Court Finds Law Blocking Teachers From Friending Students 'Staggering'; Blocks Implementation

from the oh-look,-there's-a-first-amendment-after-all dept

There was quite an uproar after Missouri passed a law to ban teachers from communicating with current or former students on social networking platforms like Facebook. It didn't take long before teachers sued, and it was even faster for the court to issue an injunction blocking the implementation of the law, noting that it violated the First Amendment (thanks to Eric Goldman for the pointer). The judge made quick work of it. Here's the relevant portion (and the full ruling is embedded below):
Section §163.069.4 RSMo implicates the rights of Plaintiffs protected by the First Amendment of the United States Constitution and the Missouri Constitution in that it prohibits all teachers from using any non-work-related social networking sites which allow exclusive access with current and former students. Even if a complete ban on certain forms of communication between certain individuals could be construed as content neutral and only a reasonable restriction on "time, place and manner," the breadth of the prohibition is staggering. The Court finds at based upon the evidence adduced at the preliminary injunction hearing, social networking is extensively used by educators. It is often the primary, if not sole manner, of communications between the Plaintiffs and their students. Examination of the statute indicates that it would prohibit all teachers from using any non-work-related social networking sites which allow exclusive access with current and former students. It clearly prohibits communication between family members and their teacher parents using these types of sites. The Court finds that the statute would have a chilling effect on speech.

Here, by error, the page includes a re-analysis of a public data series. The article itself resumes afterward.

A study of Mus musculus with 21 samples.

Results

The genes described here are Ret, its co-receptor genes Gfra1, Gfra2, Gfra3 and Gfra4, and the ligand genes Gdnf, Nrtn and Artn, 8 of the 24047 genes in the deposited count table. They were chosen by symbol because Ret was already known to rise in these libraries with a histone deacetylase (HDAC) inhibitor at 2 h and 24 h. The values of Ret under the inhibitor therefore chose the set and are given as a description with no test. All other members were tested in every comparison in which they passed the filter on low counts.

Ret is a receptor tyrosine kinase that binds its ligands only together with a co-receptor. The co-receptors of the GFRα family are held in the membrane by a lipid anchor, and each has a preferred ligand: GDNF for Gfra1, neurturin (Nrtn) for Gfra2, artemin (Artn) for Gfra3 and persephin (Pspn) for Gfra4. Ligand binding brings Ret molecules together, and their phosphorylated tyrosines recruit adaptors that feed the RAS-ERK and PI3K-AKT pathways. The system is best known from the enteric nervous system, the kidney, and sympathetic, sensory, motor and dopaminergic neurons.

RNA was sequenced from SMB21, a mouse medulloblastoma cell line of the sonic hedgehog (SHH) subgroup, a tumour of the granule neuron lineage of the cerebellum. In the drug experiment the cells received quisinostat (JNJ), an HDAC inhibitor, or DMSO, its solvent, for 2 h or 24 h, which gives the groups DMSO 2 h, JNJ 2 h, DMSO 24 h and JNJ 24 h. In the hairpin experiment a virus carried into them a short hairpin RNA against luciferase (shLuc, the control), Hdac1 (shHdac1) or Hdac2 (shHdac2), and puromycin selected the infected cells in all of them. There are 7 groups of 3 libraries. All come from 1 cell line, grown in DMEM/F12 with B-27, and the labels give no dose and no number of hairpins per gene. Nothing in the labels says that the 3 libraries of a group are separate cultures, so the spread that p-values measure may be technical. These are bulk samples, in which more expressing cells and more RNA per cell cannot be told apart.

Given the fundamental nature of the right implicated, a "chilling effect" constitutes an immediate and irreperable harm sufficient to support a preliminary injunction.
Nice to see some courts willing to recognize that a First Amendment violation is irreparable harm. Too bad not all courts agree.

This isn't the end for the law. It's just an injunction barring it from being implemented until a full trial can be heard on the merits, but it sure sounds as if the court is pretty skeptical about the legality of the law as a whole.

    Nathan F (profile), 29 Aug 2011 @ 12:04pm

    Re: Re: Re: Re: Re:

    As you should be. If your child is under 13 technically they shouldn't even be on Facebook to begin with.

    Should you be concerned if an adult teacher wanted to be a Facebook friend with your children? I don't know, how about you get involved with your child's life and whats going on at school. Go meet his/her teacher at a PTA Meeting and get to know the teacher and decide if you think any communication needs closer monitoring. In short, take an active role in your kids upbringing and interactions with others.